The Federal Reserve this week confirmed that its monthly asset repurchase programme (or QE) will end in October 2014. This is not a great surprise, as they have been tapering the programme since early in 2014. However, the bull market that began in 2009 has at least partly been aided by the repurchase programme, and there is a concern among many investors that, although interest rates are likely to stay low for a sustained period, an end to the programme could cause share prices to fall.
So, here are five stocks that could mitigate the fallout from a market correction.
Although BAE (LSE: BA) delivered a profit warning earlier this year, shares in the defence company have been fairly resilient and are down only 4% since the turn of the year. As well as being a defensive company by nature in terms of sales not being wholly dependent upon the macroeconomic outlook, BAE also has a beta of 0.9, which means that its shares should fall by 0.9% for every 1% fall in the FTSE 100. As such, it could outperform the wider market during a correction.
As an outsourcing group that focuses on food and facilities management, Compass (LSE: CPG) is more resilient to the economic cycle than most companies. Indeed, Compass delivered strong profitability growth even during the darkest days of the recession. Although shares in the company yield just 2.5%, their beta of 0.9 means that they could outperform a falling market. In addition, shares have performed well in 2014, being up 14%, which shows that market sentiment remains buoyant.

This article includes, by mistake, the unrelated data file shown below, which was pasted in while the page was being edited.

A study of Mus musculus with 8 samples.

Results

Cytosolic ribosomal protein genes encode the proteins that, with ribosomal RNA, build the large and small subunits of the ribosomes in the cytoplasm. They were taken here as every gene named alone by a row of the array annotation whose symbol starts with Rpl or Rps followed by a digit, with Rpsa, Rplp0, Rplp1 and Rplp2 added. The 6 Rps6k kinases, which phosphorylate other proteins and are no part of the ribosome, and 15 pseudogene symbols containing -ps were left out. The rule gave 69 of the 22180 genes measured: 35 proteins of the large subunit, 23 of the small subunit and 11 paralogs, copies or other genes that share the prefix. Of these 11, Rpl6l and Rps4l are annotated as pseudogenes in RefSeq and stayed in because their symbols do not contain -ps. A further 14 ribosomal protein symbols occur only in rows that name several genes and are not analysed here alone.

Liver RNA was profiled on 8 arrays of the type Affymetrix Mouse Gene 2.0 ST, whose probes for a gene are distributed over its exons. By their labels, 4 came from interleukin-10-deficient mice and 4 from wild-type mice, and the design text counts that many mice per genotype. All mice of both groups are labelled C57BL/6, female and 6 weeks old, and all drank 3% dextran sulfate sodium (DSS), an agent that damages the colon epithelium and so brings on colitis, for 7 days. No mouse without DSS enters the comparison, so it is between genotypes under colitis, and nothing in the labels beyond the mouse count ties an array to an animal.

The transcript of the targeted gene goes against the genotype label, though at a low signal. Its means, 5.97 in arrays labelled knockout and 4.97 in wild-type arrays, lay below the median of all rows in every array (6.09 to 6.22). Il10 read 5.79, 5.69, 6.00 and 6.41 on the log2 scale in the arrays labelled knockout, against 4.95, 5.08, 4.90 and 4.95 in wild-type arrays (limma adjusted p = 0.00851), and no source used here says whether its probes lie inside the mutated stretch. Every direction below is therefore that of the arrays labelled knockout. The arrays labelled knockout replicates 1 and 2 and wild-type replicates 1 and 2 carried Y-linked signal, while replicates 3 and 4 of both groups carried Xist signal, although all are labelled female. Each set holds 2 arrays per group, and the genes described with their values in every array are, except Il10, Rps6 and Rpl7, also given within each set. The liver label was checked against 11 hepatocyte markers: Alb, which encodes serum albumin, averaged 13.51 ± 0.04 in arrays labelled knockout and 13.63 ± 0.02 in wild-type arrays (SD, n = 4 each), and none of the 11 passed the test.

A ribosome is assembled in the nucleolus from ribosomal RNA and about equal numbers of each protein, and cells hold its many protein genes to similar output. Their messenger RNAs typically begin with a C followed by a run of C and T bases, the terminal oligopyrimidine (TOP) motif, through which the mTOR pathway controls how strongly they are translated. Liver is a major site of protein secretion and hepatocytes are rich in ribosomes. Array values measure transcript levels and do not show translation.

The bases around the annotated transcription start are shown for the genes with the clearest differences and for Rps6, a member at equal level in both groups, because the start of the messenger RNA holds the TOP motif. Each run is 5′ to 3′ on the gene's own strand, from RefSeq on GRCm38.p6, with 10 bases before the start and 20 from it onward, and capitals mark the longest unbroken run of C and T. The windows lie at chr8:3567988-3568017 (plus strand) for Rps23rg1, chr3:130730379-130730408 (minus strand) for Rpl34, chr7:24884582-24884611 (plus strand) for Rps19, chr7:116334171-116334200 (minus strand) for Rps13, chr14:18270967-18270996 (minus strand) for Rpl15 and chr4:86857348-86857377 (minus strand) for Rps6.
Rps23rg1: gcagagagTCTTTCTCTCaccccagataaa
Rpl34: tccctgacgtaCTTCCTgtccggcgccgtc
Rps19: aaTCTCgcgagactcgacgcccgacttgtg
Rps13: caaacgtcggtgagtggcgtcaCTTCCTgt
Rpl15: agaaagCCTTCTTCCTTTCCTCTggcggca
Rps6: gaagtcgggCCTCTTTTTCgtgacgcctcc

Although less defensive than BAE or Compass in terms of its business model, BT (LSE: BT-A) could still outperform the wider index during challenging periods. That’s because shares in the company continue to offer good value at current price levels, with BT trading on a price to earnings (P/E) ratio of 13, which is below the FTSE 100 P/E of 13.9. Therefore, there is scope for the discount to narrow before BT sees its share price fall considerably. In addition, a beta of 0.9 means that BT could prove to be a less volatile investment that the wider market.
Certainly, 2014 has proven to be challenging for Diageo (LSE: DGE), with Chinese growth prospects stuttering. However, alcoholic beverages tend to see market sentiment hit less hard than the wider market during a correction. That’s because demand for alcoholic drinks is usually fairly stable no matter what the situation is in the wider economy. As with all the stocks mentioned here, Diageo has a beta of less than 1 and could be a ‘go-to’ stock for many investors if the FTSE 100 declines.
Although sector peer, BP, showed that no oil company can ever be considered stable, Shell (LSE: RDSB) offers investors a level of diversification that few rivals can match. This should mean less volatility relative to peers in future. In addition, Shell offers a top-notch yield of 4.5% and has a beta of just 0.8. Although shares in Shell have performed well in 2014 (they are up 10%), they still offer good value and trade on a P/E ratio of just 11.5 – far less than the FTSE 100 P/E of 13.9.